Day Three – Whoa Baby!


July 29th 2013
Published: June 22nd 2017

We got picked up at 10 after the supreme breakfast buffet and were soon on our way to Trakai Castle, about an hour and 15 minute ride from Kaunas. We switched up the passenger order so that Barb and Irena could spend more time together along with Diana and Rokas, our faithful and talented translator.

Soon we found ourselves headed toward an island castle, walking across boardwalk bridges and past numerous musical entertainers. The castle dated from the 14th century and was largely restored during several periods of the 20th century.

We gathered in the castle confines for an English guide and saw several interior rooms, a courtyard, and learned a lot about the impact of Vytautas on creating the kingdom of Lithuania and of various plots to prevent said kingdom from happening. We were glad to hear that the castle is listed as a UNESCO site as one of the few examples of a restored medieval castle. It was interesting to learn that the castle had an in-floor system of heating channels similar to what was used in Roman times. After about 2 hours at the castle, it was time to return to Kaunas and get ready for a family dinner.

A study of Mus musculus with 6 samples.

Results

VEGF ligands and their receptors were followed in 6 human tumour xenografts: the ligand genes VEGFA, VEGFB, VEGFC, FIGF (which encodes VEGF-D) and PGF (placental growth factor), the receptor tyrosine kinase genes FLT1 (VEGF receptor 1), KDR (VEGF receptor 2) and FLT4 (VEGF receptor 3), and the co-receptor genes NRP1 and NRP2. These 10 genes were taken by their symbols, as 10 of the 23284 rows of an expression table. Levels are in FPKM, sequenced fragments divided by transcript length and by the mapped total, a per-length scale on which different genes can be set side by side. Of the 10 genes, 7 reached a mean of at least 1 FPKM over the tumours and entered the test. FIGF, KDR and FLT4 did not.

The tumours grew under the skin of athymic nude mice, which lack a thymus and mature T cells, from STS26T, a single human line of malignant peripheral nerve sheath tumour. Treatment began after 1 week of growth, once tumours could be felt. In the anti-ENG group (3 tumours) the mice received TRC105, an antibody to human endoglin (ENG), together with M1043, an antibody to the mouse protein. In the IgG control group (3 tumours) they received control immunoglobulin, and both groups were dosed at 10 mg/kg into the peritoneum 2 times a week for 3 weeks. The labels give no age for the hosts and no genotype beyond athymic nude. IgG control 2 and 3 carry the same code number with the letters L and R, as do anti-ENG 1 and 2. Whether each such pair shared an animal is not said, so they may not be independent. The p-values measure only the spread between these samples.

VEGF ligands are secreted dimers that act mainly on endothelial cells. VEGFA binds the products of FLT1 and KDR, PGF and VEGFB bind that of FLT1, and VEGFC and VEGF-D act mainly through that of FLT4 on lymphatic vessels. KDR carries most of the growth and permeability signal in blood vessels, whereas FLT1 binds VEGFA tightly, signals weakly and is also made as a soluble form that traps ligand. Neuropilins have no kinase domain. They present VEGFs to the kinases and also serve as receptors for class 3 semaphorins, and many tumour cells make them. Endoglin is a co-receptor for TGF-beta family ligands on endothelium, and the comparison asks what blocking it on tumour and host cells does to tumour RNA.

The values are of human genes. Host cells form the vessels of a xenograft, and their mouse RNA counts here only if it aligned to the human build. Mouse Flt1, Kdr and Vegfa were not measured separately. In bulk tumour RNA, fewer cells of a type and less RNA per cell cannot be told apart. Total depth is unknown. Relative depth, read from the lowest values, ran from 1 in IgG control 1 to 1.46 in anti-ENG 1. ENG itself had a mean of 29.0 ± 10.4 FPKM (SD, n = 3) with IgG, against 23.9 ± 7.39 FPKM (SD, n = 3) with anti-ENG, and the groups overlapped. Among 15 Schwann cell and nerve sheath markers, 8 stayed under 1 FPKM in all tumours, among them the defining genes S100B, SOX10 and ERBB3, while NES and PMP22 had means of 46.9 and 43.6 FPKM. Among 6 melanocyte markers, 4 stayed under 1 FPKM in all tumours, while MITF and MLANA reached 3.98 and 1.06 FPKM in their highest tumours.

We took a couple hours to wander the shops of Kaunas and to prepare ourselves for a wonderful evening.

So, it was 6 o'clock and we gathered in the lobby. Our first visitors were the Nijoles. It had been two years since our last meeting. It was time for catch up and sharing of pictures. Absent a translator, Barb did quite well. Her hours and hours of studying Lithuanian were worth the effort. The rest of us sat in amazement at this heartfelt cultural exchange.

Shortly thereafter, the rest of the relatives arrived and it was down to the wine cellar that dated to the 13th century for some food, friends, and fun. It was a nice setting to reconnect and share stories. Thanks to our interpreters, Daiva and Rokas, who sat in the middle, a true stragery orchestrated by Rich, everyone was able to understand (for the most part) what was happening. Daiva and Rokas combined did their best to interpret a cacophony of sound and we were grateful for their steadfast effort. I'm sure they both had headaches by the end of the night. We sure did.

The connections were fun to see. Nijole the younger described Lithuanians as oak trees: strong, hearty, and connected for 100 years and more.

Sadly, after a full night of learning, listening, and loving, it was time to retire, head to the 4th floor to do this blog, and head to bed for tomorrow's trip to Budapest.